The Magazine of The Evangelical Lutheran Church in America


Telling an evangelical story

We should recall abundance of Spirit's gifts among us

If someone asked you to tell about the ELCA's first 25 years, how would you tell the story? As I have listened to the stories of many who served as "midwives" in the ELCA's birthing, this is what I hear.

There was a commitment to a stronger Lutheran witness to the gospel in a rapidly changing world. There was a desire to focus on the vitality and ministry of congregations and on the growth in faith of all the baptized, while at the same time growing in our awareness of and deep engagement in God's mission for the life of the world. That hope included being a strong companion to other Lutheran churches in the world, particularly through the Lutheran World Federation. It was time for an evangelical Lutheran witness less identified with preserving the traditions of immigrant ancestors and more focused on sharing the good news of Jesus Christ in an increasingly diverse North American context.

Perhaps your story of the ELCA's first 25 years would be a chronology of significant decisions at assemblies — social statements, full communion agreements, "The Use of the Means of Grace," the Study of Ministry, and the election of leaders. Or your narratives may focus on controversies and the resulting tendency to define the ELCA by issues that divide us rather than the faith that unites us.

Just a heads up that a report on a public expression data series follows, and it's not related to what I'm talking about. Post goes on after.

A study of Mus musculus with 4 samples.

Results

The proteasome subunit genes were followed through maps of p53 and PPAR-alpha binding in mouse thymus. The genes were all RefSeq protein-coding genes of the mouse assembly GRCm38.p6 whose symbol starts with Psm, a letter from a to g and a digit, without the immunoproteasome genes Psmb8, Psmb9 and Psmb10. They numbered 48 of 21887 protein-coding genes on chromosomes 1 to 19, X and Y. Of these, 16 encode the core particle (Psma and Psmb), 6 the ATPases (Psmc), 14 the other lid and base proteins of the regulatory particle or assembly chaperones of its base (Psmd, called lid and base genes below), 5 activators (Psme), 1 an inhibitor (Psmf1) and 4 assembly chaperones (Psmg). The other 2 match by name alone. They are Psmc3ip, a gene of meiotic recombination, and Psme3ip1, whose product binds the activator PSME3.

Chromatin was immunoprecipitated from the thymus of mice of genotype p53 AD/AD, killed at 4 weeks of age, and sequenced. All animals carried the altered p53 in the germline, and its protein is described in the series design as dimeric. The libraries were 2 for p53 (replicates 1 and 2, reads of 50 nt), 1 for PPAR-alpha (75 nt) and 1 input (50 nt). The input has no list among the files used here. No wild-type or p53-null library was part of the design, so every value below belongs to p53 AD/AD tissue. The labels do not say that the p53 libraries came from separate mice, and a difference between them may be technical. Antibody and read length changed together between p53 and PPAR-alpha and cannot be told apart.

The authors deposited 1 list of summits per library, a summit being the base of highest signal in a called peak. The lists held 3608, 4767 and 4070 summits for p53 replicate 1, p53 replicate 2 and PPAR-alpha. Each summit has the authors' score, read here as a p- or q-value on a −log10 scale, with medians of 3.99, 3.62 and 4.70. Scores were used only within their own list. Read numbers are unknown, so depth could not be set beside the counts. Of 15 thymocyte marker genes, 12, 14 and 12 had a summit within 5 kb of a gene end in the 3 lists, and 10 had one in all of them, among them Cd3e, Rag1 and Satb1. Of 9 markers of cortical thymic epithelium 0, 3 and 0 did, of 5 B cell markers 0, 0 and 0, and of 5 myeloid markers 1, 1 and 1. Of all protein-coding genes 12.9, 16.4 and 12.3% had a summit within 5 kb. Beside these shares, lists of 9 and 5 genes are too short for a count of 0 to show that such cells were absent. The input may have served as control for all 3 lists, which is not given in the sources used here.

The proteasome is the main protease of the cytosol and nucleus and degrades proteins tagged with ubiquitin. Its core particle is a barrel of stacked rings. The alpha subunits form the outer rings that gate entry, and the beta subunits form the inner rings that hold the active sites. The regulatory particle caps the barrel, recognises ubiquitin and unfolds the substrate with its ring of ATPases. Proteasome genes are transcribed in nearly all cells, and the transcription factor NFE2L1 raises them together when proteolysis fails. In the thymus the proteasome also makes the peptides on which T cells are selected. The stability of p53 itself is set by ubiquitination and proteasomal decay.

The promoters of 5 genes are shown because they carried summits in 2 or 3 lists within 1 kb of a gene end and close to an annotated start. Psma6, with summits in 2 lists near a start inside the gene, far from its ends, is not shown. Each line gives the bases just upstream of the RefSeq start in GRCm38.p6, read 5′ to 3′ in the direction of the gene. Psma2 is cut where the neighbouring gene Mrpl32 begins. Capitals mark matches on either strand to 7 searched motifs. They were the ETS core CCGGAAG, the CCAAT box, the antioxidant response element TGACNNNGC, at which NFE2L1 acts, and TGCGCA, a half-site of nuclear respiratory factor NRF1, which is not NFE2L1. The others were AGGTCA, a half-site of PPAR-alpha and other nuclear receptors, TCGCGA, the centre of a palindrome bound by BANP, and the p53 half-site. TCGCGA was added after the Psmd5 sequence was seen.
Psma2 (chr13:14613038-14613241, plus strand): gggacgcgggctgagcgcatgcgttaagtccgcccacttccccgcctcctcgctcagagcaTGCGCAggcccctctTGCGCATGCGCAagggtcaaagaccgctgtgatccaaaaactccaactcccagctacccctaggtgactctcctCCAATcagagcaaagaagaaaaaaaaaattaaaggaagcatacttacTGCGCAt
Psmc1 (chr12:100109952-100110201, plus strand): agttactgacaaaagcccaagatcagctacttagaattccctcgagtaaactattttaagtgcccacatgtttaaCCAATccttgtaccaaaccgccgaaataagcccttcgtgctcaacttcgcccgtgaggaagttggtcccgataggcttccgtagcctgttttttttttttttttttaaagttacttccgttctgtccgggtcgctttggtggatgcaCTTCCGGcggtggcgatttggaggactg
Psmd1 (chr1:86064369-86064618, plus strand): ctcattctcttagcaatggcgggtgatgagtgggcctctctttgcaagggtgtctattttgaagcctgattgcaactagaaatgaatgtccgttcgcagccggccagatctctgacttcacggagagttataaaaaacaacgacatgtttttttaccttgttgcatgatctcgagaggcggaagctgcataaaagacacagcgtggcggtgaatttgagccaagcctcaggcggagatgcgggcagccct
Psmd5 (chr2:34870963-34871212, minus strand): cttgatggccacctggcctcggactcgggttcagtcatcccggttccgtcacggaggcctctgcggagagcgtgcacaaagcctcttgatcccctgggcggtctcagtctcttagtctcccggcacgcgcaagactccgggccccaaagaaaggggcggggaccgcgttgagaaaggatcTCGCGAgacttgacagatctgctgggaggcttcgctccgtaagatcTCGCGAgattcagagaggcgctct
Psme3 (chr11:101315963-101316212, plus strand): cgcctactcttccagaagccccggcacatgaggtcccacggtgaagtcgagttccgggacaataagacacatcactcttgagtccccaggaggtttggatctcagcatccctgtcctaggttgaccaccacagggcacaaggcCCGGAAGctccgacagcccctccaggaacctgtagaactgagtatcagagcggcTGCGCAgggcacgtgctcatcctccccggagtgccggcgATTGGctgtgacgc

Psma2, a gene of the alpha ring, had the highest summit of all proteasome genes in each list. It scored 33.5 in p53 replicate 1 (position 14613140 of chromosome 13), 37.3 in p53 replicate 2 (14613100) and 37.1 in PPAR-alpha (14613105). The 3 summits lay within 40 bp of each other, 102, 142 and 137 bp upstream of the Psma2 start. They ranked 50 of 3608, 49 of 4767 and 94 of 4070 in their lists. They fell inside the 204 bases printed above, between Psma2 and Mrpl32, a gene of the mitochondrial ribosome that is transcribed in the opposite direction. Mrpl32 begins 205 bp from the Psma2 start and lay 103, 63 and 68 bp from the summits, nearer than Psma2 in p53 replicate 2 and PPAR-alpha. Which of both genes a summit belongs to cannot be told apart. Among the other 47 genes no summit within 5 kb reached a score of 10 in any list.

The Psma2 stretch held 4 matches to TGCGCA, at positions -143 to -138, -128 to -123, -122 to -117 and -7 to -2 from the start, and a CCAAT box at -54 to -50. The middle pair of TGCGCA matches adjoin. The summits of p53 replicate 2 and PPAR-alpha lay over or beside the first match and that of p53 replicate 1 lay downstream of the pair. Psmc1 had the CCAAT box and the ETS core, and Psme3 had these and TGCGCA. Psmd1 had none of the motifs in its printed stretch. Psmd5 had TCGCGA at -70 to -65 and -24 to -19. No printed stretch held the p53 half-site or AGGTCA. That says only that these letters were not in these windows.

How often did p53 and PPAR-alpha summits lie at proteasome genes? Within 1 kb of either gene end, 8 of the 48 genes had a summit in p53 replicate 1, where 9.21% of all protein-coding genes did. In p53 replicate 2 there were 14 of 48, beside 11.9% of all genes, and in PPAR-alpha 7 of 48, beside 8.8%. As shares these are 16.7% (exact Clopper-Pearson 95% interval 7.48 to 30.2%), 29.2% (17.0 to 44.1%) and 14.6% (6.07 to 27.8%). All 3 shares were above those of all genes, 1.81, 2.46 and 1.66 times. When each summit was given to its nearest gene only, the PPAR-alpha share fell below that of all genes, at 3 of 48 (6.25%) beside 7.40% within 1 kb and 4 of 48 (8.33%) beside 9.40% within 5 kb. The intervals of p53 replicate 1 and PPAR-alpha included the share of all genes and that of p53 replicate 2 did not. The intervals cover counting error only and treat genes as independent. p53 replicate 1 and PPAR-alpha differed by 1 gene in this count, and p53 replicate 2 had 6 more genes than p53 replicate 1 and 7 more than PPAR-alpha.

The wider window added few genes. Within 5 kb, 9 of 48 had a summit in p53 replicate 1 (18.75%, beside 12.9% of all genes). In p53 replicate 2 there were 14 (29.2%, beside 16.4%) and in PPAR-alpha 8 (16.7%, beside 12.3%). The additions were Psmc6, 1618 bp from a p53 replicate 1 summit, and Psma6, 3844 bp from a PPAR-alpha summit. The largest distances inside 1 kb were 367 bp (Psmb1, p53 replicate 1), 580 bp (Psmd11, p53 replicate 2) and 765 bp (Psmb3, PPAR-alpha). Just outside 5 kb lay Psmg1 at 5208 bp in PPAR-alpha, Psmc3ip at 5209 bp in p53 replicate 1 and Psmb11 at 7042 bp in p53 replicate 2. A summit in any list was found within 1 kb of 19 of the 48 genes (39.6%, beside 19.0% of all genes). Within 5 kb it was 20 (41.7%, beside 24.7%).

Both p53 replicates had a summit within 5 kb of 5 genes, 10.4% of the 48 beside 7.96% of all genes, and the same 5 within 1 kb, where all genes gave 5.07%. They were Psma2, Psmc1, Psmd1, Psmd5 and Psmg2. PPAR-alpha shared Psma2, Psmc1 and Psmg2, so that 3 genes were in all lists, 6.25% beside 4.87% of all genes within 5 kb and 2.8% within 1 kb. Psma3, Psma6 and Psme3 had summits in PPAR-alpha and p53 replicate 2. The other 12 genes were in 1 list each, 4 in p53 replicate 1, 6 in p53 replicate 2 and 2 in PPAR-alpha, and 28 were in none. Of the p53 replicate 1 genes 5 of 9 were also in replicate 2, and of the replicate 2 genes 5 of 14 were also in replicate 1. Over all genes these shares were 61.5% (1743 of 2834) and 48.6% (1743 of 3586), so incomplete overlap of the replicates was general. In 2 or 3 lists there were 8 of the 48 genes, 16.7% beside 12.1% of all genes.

For others the major theme may be the story of losing members and congregations, decreasing resources for mission and an aging membership that is still predominantly white. Responsibilities for these realities rest with all of us. Together let us engage in the critical analysis that leads to change and a strengthening in our witness to the good news of Jesus Christ and service to our neighbors.

Finally, an evangelical church — a church that lives by faith, with a living, daring, confidence in God's grace — will tell an evangelical story. An evangelical narrative of our 25 years will tell the story of God's gracious presence and work among us, though not in pious platitudes detached from reality. An evangelical narrative discovers in real people, real life situations and real events who we are as Christ's body, what the Spirit has been doing among us with the gospel promise, and where God is taking us into the world for its good in coming years.